Competing in a flawed market
Institutions must work with and embrace the new environment of competition if they are to survive, writes Aaron Porter. But just because there is more competition in the market it doesn't follow that a simplistic 'consumer sovereignty' model is the most useful way of placing students at the heart of the system.
Contributed by Aaron Porter, November 2011.
The senior leadership of our HE institutions have a lot on their plates at the moment, and I think they boil down to three key things: reputation, profile and recruitment. This is fuelled by several issues, including (but not exclusively) the recruitment of AAB students, trying to anticipate how courses will fare relative to their pricing, and restrictions on the recruitment of international students. And closely intertwined with all of these issues and more, is a concept that all HEIs need to keep focused on; the increasingly competitive environment of Higher Education.
There are quite a few signs emerging that universities are having to think more about their reputation, and their future recruitment success. For example, employability is increasingly on their radar: a lot of HEIs are taking a closer look at the quality of their careers provision. And there’s currently a HEFCE investigation into getting new information on taught Postgraduate courses. When the NSS came in a few years ago, this had a big impact on the standing of some institutions, and so might new information on PG taught.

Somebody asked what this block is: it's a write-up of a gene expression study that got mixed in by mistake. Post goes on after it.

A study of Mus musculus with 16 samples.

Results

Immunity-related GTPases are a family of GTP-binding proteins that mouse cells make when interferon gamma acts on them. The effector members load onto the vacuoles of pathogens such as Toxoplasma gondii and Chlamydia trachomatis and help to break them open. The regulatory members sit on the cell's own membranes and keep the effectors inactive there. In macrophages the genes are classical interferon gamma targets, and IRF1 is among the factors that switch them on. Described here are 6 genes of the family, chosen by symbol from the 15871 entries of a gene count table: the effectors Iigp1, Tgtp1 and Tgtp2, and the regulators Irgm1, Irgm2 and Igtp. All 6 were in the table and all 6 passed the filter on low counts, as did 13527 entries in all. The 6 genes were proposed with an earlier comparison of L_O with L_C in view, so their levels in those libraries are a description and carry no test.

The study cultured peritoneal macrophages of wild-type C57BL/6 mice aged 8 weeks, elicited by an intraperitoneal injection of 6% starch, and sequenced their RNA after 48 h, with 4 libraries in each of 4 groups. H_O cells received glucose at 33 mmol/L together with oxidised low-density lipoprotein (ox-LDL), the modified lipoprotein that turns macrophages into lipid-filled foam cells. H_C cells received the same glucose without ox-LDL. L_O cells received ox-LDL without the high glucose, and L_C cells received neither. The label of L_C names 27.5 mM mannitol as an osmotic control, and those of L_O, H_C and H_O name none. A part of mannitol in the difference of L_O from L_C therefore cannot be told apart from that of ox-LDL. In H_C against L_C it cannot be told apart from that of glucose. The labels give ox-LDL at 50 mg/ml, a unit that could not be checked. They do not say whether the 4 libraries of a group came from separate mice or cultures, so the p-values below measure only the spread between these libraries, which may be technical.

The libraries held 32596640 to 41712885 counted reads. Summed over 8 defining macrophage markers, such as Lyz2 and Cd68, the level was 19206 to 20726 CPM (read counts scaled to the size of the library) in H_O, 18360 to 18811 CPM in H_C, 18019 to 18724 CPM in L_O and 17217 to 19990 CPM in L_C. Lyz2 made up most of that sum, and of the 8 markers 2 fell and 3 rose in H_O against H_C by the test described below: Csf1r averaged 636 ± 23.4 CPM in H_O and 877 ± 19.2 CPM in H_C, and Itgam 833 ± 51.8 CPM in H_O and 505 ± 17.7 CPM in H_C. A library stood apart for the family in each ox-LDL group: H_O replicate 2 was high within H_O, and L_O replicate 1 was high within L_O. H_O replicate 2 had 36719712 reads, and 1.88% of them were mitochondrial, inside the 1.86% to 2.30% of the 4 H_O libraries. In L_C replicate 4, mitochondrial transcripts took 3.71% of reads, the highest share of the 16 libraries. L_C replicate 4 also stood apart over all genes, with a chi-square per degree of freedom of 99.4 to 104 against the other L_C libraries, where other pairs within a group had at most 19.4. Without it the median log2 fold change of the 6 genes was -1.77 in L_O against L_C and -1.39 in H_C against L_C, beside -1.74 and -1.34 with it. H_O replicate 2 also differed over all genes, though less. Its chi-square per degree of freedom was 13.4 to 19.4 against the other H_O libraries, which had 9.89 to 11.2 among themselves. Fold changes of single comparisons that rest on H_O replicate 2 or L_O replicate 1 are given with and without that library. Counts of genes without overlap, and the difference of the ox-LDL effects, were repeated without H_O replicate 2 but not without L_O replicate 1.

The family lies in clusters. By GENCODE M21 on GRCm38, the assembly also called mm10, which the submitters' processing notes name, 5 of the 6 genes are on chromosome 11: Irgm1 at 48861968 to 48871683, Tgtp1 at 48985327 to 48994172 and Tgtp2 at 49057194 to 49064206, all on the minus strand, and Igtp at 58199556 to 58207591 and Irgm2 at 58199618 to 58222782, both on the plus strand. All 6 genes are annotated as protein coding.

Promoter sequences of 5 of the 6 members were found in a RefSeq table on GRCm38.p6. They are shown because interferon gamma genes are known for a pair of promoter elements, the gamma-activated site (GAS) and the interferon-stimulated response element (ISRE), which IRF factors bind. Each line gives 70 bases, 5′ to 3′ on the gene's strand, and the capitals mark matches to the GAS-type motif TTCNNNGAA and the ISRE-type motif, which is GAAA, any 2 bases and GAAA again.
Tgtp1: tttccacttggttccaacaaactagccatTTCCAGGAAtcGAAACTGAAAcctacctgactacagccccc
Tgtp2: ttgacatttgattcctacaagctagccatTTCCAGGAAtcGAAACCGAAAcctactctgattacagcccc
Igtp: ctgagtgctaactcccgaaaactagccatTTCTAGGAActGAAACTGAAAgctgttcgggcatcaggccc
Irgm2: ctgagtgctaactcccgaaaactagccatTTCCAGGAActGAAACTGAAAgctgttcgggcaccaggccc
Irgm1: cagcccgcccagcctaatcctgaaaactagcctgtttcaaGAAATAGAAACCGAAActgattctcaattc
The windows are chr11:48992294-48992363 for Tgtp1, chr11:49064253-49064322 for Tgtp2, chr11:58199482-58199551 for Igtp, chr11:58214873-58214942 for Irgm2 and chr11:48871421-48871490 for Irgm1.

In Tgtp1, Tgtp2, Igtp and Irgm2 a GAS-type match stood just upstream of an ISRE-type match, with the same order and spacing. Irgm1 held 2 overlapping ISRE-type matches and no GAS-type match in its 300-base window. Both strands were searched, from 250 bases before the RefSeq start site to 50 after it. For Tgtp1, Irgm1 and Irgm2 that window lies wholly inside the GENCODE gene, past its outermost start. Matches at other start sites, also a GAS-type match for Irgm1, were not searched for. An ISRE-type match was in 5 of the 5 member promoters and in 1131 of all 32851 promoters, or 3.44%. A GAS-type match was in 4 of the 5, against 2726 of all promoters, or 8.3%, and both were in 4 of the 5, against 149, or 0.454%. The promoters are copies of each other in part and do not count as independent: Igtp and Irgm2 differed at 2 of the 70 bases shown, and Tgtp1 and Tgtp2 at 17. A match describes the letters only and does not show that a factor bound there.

I think that this is related to an increasing presence of competition in the sector – not to be confused with increasing marketisation. In recent times, there has been some debate as to whether we are moving to a market economy or not. I’d say that we are moving towards a flawed market. Some market behaviours exist; there are some elements of supply and demand, after all. But it is not a fair market; there is not an adequate level of information available; there are huge barriers to entry; and a student can’t easily move elsewhere if unhappy.
This does not in any way lessen the inevitable truth of the competitive environment HE is now operating in. There will be more private providers, though perhaps not as many or as quickly as some had feared initially. There will be more HE / FE offerings. And as the recent changes get properly embedded, we may well end up with a slightly smaller HE provision.
Given the very real implications of what a smaller HE provision entails, institutions must work with and embrace this new environment of competition, if they are to survive. But just because there is more competition in the market it doesn't follow that a simplistic 'consumer sovereignty' model is the most useful way of placing students at the heart of the system. Academic leadership will have to be sufficiently market savvy and research led. They will need to lead their institutions in giving serious thought to what it is that their institution offers, and communicating that coherently to the people who are important to them.
Aaron Porter is a higher education consultant and freelance journalist. He served as President of the National Union of Students 2010-11, and has served as a non-executive board member for UCAS, the Higher Education Academy and the Office of the Independent Adjudicator.